Steps to Buying a Home
So you want to own your own home? Great choice! With the combination of historically low interest rates and current home prices, home affordability is at it's best level ever. Simply put, more people can afford a home than ever before.
You’ll likely find that a mortgage payment is actually lower than what you’re paying in rent! Yet the first time home buyer will be apprehensive. Scared sometimes. But if you take the following steps then buying your first home will be an enjoyable and rewarding experience.
Basics of the Home Buying Process
First, determine how much you can afford. Lenders use debt-to-income ratios, a calculation of a mortgage payment including taxes and insurance divided by your gross monthly income. For instance, if a mortgage payment is $2,000 and your gross monthly income is $6,000 then your debt-to-income ratio is 33%.
Most mortgage programs ask that housing debt-to-income ratios be at or below 40%. It’s important to note here that just because a lender will make a loan based upon a $2,000 house payment, only borrow what you feel comfortable with. You’re not obligated by any means to borrow any amount just because a lender will allow it.
Don’t determine your affordability on your own. In fact, you’ll need to know current interest rates as well as your credit scores. Contact the best loan officer you can find to shepherd you through the process.
Down Payment Options
Most loans require a down payment unless you’re a qualified veteran of the armed forces. If you are a qualified veteran you should first explore the VA loan which requires no money down with highly competitive rates.
You may also live in an area that conforms to USDA guidelines. USDA loans from the US Dept of Agriculure are another option for 100% financing. You do have to live in a Rural area as defined by the USDA and you will have to qualify from an income standpoint, there are certain income limitations to USDA home loans, generally you need to be within a range referred to as Median Income for your area.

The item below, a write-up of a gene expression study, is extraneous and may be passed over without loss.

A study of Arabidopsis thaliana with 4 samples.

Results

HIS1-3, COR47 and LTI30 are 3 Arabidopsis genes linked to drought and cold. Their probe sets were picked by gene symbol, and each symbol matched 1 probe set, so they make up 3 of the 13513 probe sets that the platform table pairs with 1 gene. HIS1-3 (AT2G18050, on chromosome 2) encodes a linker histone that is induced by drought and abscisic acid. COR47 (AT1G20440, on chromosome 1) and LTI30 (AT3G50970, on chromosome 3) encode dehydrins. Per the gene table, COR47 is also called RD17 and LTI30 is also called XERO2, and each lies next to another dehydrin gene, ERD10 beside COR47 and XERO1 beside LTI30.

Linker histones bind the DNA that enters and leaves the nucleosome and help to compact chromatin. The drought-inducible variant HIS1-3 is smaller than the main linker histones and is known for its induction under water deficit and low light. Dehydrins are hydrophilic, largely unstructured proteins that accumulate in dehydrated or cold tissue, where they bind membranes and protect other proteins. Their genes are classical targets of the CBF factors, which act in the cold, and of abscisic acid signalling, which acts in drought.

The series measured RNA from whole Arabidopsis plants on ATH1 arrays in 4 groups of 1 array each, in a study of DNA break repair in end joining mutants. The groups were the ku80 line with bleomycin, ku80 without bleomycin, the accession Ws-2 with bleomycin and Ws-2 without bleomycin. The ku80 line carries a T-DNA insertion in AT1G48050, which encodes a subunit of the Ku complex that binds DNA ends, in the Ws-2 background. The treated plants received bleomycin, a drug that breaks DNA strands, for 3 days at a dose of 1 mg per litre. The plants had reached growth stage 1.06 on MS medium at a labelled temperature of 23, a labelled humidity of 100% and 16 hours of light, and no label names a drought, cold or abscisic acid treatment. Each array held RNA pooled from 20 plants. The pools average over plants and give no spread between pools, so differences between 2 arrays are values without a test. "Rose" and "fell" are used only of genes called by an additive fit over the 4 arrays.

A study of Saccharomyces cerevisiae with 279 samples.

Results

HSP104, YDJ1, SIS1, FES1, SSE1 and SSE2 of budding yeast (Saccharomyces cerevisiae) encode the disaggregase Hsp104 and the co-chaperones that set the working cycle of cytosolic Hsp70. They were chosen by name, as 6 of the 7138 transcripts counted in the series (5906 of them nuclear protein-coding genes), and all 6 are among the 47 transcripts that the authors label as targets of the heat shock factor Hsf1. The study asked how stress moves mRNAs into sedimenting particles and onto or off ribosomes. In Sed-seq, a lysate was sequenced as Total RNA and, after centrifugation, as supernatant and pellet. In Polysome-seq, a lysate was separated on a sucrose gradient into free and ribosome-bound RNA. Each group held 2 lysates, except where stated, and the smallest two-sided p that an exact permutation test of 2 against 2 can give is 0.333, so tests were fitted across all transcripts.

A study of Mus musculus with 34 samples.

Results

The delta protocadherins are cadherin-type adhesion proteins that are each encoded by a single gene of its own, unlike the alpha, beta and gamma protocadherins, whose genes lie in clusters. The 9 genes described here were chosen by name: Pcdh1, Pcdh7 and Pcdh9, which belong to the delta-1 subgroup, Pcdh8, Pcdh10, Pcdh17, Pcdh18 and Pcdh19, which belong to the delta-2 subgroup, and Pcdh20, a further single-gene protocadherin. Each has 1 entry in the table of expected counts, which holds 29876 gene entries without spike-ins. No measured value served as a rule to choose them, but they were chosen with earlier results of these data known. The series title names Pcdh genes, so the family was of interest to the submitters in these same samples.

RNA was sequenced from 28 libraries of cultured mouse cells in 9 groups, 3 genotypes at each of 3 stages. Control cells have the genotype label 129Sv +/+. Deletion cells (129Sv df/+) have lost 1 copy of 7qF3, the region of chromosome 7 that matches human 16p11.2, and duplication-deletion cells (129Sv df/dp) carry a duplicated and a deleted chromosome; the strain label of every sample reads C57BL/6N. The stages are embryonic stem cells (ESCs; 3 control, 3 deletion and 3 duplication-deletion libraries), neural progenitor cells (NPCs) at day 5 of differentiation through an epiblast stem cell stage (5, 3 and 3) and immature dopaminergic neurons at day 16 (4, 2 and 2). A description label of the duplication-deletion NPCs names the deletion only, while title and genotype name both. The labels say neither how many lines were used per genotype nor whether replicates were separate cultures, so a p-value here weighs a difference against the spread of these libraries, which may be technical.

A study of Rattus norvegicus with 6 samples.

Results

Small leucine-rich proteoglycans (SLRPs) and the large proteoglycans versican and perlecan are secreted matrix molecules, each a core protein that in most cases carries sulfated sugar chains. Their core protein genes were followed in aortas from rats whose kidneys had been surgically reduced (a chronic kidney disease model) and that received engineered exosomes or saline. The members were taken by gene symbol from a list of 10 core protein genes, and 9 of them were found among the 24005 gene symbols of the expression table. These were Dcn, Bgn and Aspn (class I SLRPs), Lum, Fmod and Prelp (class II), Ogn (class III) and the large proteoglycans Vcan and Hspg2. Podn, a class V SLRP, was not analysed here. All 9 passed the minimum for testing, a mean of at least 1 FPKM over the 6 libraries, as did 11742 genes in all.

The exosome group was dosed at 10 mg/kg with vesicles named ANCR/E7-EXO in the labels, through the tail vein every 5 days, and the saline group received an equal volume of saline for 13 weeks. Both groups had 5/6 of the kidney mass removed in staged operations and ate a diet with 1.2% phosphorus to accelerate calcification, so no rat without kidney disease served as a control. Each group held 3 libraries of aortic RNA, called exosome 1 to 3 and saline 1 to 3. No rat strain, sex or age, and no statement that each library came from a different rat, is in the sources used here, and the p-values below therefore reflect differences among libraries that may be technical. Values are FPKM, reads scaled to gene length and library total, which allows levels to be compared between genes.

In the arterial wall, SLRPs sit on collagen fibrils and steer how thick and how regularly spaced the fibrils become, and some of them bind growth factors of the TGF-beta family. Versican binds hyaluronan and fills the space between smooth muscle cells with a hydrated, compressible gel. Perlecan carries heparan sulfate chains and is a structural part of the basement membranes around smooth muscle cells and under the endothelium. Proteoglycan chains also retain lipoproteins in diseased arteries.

You can check USDA Eligibilty HERE then click on "Single Family Housing" on the left.
If you don’t qualify for a VA or USDA loan, you can explore a FHA loan. More first time home buyers use FHA mortgages than any other mortgage as the down payment requirements are as low as 3.5% along with easier qualifying. It is important to note that one of the first steps to buying a home is down payment consideration. However, don’t discount any mortgage program. Conventional loans can require a 5.00% down payment, or less, with certain programs.
There are first time homebuyer programs available that assist in qualifying when you might be having trouble saving enough money for your down payment. Many of these programs are issued by state and local governments in the form of special bond programs designed to help first timers buy their own home. Typically these first time home buyer programs are in the form of a grant or a loan that provides sufficient funds to close on a transaction.
Such programs will most often have income limits in addition to being reserved for the first time buyer and these special programs can vary from county to county and from state to state. Your loan officer will have all the information for these programs and can help you decide if you should explore these options.
One of the most important steps to buying a home is gathering the appropriate documentation:
- Two years most recent filed and signed tax returns
- Most recent 30 days worth of paycheck stubs
- Two years most recent W2s
- Three months most recent bank and investment account statements
- The name and contact information for your insurance agent, we can suggest one if you don't have one already
- Your signed mortgage application and related mortgage documents provided by the us
How does a lender know if you’re a first time home buyer? How does a state agency determine your first time status? Actually they can do it in a couple of ways. Your personal tax returns will show if you’ve reported any mortgage interest as a tax deduction and your credit report will reveal any prior mortgage. One quirk? Lenders can consider you a first time home buyer if you haven't owned a home for the previous three years.
You should also review your credit report regularly. This regular check-up should be part of your financial plan to watch out for any mistakes or errors on your report that could be suppressing your credit score. After you’ve applied for the mortgage, if there are any mistakes on the report you’ll find that your loan officer will be very adept at helping get your credit report corrected.
One final note for first time home buyers? Find the very best real estate agent you can possibly find. As a buyer, it’s the seller of the property that pays for your agent, not you, and you absolutely need an experienced agent to help guide you through the process. Take advantage of that experience. A good agent is there to answer questions, hold your hand and find the best home for your needs.
You can learn more about why a great buyer's agent is a necessity during this process by visiting our company blog specifically: Do I Need A Buyer's Agent?